The swing pushed me skyward until my tennis shoes pointed to the tops of the pines. The chain squeaked over my head, and the two swing set legs behind me lifted from the ground. A pause, then I started downward, pulling myself into a tight ball. A blur of Georgia red clay passed below my curled-up feet, the wind whirred past my ears, and the two swing set legs dropped into place again with a loud thud. Up again and back, stretch out, pull in.
I suddenly dipped out of rhythm, and the loudest sound I ever heard hit me: a stunning, paralyzing, metallic CLANGclang!! Long seconds it rang, in my ears and down my spine. It faded gradually . . . then total silence. No squeak, no thud, no whir, no wind, no bird. . . . Even the pines seemed stunned into silence.
I gradually came to know that I was standing on the ground instead of sitting on the swing, and had no idea how I came to be that way. I looked for the swing and found it in place behind me, but I seemed to be holding it up instead of it holding me up.
It was heavy in my hands. I looked at my right hand. From the top of my hand the chain didn’t stretch upward as swing set chains do, as they have to do– it hung down, limp. The chain in my left hand was hanging down too. I really was holding up the swing.
I looked around. Several long, rusty metal pies lay scattered about on the ground around me. I looked at them for a few moments. They hadn’t been there before. But they looked familiar. They looked like the legs and overhead bar of my swing set. I looked up to the overhead bar– and saw just sky. It took several awful moments for me to figure out that the swing set had fallen down.
I wanted Mama, real bad, so I neded to put the swing down. But everything was still awfully silent, and I was afraid to make a sound. I bent over slowly, trying to lower the swing and the chains to the ground so gently they wouldn’t make a noise. Then I straightened, turned, and ran as fast as I could from that place. The wind whirred reassurance in my ears, the earth thumped softly under my feet, and the sliding glass door rolled open with its usual grinding. But still disturbed, I didn’t shout for Mama; I kept running and found her in the living room.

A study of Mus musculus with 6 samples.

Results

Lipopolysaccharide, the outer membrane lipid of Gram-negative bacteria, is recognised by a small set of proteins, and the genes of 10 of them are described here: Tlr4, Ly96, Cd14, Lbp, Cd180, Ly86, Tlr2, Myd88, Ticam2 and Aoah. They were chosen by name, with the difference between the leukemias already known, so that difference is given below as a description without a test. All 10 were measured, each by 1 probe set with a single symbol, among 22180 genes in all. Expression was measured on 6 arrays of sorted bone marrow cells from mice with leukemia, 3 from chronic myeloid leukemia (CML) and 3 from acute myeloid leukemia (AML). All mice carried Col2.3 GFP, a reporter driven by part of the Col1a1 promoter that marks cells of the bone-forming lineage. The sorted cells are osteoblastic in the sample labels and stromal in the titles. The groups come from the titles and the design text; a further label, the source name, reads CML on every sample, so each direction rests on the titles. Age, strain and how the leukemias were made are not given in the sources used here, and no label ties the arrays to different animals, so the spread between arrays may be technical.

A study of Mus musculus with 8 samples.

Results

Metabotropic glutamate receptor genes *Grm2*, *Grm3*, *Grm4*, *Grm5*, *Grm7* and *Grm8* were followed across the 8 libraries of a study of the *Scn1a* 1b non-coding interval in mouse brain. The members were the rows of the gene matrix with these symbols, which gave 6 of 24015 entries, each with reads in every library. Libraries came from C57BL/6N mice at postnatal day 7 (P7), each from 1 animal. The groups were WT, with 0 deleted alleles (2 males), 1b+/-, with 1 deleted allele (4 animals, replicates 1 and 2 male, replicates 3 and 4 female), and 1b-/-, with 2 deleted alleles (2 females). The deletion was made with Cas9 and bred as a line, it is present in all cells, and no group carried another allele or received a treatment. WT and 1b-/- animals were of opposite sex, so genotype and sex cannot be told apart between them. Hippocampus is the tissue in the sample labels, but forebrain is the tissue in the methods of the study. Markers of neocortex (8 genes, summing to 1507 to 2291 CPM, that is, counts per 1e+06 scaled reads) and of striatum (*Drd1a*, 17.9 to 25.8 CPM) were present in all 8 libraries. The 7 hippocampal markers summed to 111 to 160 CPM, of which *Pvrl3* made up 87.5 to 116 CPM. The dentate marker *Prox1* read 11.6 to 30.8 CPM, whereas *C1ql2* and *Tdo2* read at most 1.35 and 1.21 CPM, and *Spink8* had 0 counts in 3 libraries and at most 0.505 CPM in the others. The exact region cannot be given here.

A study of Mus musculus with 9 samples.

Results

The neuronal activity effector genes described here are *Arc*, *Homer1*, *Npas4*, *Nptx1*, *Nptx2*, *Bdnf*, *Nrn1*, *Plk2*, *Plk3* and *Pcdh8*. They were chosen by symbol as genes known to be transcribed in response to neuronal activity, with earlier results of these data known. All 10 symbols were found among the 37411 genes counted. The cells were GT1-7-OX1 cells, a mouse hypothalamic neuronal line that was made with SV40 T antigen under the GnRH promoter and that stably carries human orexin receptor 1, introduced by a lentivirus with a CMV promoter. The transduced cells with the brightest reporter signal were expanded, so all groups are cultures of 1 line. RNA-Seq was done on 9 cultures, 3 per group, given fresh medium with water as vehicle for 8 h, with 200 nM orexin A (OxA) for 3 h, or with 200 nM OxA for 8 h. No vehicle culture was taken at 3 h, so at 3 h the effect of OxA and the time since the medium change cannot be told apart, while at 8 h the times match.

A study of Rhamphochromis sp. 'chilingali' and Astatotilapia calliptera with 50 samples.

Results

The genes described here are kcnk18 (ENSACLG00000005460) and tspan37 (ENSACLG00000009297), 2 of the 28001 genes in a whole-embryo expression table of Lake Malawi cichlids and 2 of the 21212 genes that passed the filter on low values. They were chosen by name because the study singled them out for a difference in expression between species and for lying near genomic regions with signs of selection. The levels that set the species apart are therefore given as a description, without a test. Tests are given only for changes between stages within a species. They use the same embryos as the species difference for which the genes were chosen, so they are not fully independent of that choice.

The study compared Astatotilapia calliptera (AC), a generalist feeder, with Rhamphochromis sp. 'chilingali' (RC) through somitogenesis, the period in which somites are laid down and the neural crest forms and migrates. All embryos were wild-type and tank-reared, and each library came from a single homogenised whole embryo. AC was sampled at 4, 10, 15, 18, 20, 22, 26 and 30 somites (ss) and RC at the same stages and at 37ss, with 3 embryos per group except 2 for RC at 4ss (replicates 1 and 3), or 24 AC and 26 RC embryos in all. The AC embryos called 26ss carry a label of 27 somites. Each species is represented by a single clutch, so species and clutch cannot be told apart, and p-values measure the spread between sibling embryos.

My voice came out kind of whispery. “The swing set fell down,” I said.
Mama didn’t look up from her sewing. “That’s okay. It was old,” she said, making another stitch.
“But I was on it!” I said a little louder in frustration. I needed her to understand so she could make everything normal again, but I had no words to explain the terrible feeling I was experiencing.
That feeling became a troubling memory. Years later I learned the word “disoriented” and finally understood the feeling, but the memory still haunted me. After three decades of adult life, I have come to believe that disorientation is one of the worst states the human mind can experience, and experience it we shall. It’s what happens to the mind when a returning evacuee stands on the driveway that no longer leads to a house, when a policeman comes to the door to say there’s been an incident at the school, when the test is positive– when the impossible happens, true things are false, and the world stops making sense.
Even if I’d known how to explain my disorientation to Mama, she couldn’t have fixed it. All she could have done would have been to take me into her arms. Sometimes, that’s all there is to do.